Wednesday, September 9, 2009

Gods and Soldiers Book Review


The Many Shades of Africa
By Sidik Fofana— Literature Editor
Sep 8, 2009, 13:23

With Gods and Soldiers, Rob Spillman compiles a unifying anthology of African writing. Whereas the literary feat of the day has been to corral essays and stories from

Africa and identify their intertwining aesthetic, the literary disservice has been the inability to individualize diverse regions within the continent itself. To put it simply, we know what makes Africa, Africa, but what makes Sierra Leone, Sierra Leone and Zaire, Zaire? Rob Spillman, in this collection, offers those distinctions, presenting the magical realist propensities of the Portuguese countries alongside the anti-assimilation attitudes of the francophone nations, the post-apartheid exhalation of South Africa and other regional predilections.

With a palette of authors that range from Nobel Prize winners to writers just coming of age on the literary magazine circuit, Gods and Soldiers doesn’t aim for regional consistency. However intentionally or unintentionally, the majority of the selections in the anthology share the common thread of political unrest and a voice raised against colonial authority. Chinua Achebe’s essay, “The African and the English Language,” may seem like it contradicts this theme in urging African writers to write in their colonial language, but Achebe clarifies that his position supports audience and not necessarily patriotism. “...On the whole it [colonialism] brings together many peoples that had hitherto gone their several ways. And it gave them a language with which to talk to one another,” he writes. “If it failed to give them a song, it at least gave them a tongue.”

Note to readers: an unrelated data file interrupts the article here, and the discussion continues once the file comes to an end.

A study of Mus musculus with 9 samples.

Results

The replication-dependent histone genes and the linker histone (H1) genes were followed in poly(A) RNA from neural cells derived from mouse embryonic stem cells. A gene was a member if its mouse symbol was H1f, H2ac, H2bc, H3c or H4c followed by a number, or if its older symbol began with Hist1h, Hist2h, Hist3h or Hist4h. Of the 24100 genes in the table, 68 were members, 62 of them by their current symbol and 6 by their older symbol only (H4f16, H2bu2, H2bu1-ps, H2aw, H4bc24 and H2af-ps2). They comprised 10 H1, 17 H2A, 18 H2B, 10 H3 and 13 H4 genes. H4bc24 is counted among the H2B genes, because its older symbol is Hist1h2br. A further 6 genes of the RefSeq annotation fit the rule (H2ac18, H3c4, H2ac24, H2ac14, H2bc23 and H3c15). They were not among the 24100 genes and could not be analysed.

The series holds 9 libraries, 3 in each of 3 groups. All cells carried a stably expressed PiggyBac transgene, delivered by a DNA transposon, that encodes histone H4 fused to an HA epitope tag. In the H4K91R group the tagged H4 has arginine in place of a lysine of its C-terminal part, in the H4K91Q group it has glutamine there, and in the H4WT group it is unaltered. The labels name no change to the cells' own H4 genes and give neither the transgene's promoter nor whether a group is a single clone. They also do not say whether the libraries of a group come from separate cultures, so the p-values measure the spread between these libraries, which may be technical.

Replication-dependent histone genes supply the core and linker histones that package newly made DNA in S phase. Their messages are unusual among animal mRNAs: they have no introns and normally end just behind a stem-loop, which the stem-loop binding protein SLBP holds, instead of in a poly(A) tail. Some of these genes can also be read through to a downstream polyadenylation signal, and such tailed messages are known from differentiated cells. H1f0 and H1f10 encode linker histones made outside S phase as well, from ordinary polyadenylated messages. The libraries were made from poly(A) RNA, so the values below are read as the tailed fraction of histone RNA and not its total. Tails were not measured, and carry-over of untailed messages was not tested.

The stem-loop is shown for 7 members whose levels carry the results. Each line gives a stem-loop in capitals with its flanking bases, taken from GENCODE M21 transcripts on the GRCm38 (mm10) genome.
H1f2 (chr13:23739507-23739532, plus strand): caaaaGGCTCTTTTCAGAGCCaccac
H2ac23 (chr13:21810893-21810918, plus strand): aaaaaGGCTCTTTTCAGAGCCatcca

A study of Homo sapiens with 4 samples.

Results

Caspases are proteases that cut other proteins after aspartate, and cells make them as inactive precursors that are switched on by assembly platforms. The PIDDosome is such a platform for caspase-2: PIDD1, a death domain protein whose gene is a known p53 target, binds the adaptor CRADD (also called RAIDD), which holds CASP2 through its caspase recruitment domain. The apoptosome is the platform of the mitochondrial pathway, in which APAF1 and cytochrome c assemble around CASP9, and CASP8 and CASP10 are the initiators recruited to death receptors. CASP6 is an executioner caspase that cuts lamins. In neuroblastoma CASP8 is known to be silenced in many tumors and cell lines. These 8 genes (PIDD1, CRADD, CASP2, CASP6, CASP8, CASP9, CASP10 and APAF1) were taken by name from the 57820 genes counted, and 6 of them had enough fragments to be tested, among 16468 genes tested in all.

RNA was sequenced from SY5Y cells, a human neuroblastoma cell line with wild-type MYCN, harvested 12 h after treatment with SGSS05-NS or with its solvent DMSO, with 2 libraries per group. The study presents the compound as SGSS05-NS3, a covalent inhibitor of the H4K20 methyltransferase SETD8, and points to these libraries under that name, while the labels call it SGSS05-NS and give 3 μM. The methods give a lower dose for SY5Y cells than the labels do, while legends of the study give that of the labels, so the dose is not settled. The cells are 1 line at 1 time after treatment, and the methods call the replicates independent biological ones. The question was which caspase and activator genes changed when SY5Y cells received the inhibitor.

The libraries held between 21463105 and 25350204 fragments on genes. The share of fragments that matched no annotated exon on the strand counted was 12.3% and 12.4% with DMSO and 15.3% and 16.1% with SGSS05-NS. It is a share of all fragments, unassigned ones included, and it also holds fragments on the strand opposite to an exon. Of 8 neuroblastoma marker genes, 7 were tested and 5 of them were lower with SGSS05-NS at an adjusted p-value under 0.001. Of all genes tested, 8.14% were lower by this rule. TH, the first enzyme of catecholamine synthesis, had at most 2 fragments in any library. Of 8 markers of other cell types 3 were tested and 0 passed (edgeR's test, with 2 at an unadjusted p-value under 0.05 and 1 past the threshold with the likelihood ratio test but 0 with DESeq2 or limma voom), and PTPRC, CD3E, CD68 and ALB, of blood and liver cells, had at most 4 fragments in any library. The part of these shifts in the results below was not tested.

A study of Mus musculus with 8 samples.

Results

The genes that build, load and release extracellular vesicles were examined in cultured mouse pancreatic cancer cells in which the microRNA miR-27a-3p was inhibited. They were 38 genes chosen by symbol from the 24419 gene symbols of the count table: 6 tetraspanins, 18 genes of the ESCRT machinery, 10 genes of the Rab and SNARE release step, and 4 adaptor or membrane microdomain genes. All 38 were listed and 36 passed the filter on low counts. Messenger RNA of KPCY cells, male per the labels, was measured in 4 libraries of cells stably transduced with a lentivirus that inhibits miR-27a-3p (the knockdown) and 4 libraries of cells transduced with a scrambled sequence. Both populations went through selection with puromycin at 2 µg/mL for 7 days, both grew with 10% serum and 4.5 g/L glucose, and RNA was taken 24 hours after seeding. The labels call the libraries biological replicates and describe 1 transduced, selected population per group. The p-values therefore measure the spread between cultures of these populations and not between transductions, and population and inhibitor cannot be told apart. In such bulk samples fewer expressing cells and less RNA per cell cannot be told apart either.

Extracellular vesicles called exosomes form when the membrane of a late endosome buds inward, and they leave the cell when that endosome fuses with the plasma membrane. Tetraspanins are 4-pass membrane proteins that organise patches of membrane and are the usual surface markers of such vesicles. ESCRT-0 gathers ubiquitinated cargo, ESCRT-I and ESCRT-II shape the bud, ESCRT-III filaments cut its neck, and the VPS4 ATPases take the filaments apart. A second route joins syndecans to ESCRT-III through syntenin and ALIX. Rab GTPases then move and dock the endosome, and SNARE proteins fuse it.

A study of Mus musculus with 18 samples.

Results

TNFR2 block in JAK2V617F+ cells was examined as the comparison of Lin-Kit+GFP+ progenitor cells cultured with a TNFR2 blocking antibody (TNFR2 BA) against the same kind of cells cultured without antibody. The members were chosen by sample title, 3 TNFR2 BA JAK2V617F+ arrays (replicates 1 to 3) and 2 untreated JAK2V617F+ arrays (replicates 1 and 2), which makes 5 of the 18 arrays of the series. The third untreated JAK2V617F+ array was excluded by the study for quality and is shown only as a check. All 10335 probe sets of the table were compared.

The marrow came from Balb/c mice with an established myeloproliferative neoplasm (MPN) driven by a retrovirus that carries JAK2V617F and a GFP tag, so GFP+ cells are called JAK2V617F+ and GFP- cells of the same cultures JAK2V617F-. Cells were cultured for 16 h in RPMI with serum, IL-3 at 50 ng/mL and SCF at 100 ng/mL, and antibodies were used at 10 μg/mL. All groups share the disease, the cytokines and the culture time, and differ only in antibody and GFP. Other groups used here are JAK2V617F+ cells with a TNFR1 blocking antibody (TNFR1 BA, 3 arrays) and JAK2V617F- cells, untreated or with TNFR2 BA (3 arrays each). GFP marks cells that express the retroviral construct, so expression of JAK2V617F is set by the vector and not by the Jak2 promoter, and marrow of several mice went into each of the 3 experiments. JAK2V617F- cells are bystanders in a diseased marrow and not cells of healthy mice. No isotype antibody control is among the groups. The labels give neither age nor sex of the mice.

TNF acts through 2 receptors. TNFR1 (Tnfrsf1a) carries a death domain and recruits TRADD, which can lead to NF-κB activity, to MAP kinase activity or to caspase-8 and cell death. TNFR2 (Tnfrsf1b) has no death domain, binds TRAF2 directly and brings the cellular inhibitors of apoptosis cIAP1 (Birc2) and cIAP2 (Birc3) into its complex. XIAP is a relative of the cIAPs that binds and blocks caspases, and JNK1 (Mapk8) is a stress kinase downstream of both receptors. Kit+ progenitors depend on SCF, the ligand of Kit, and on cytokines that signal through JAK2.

Representing South Africa, Nadine Gordimer’s short story, “A Beneficiary,” tells the story of a young woman who finds out that her real father is a famous stage actor. It’s one of a few selections in the book that does not possess a regional trait with Gordimer’s mastery of plot development transcending her South African identity.

A storylike Mohammed Naseehu Ali’s “The Manhood Test,” however, sounds distinctly West African with its cynical commentary on sketchy marriages. The tale, about a married man whose wife wants to publicly prove her husband’s impotence, is similar to many contemporary African comedic films that satirize relationships. The absurdity of the main character’s plight drips with his melodramatic pleas, “And to those who doubt my manliness ya Allah…prove to them that all power comes from You. Equip me with the strength to perform this test, to which I am maliciously being subjected!”

Gods and Soldiers is by no means a canon of staple African writers. It includes those with a steady literary presence, such as Chimamanda Achidie and Jose Andalusa, who are also still in the position to define their respective regional tastes. If anything, the anthology shows that Africa may be too big to compartmentalize although it’s not too scattered to hold certain trends. Documenting local trends, however, may be very well be the best way to reveal the complex portrait of earth’s second largest continent.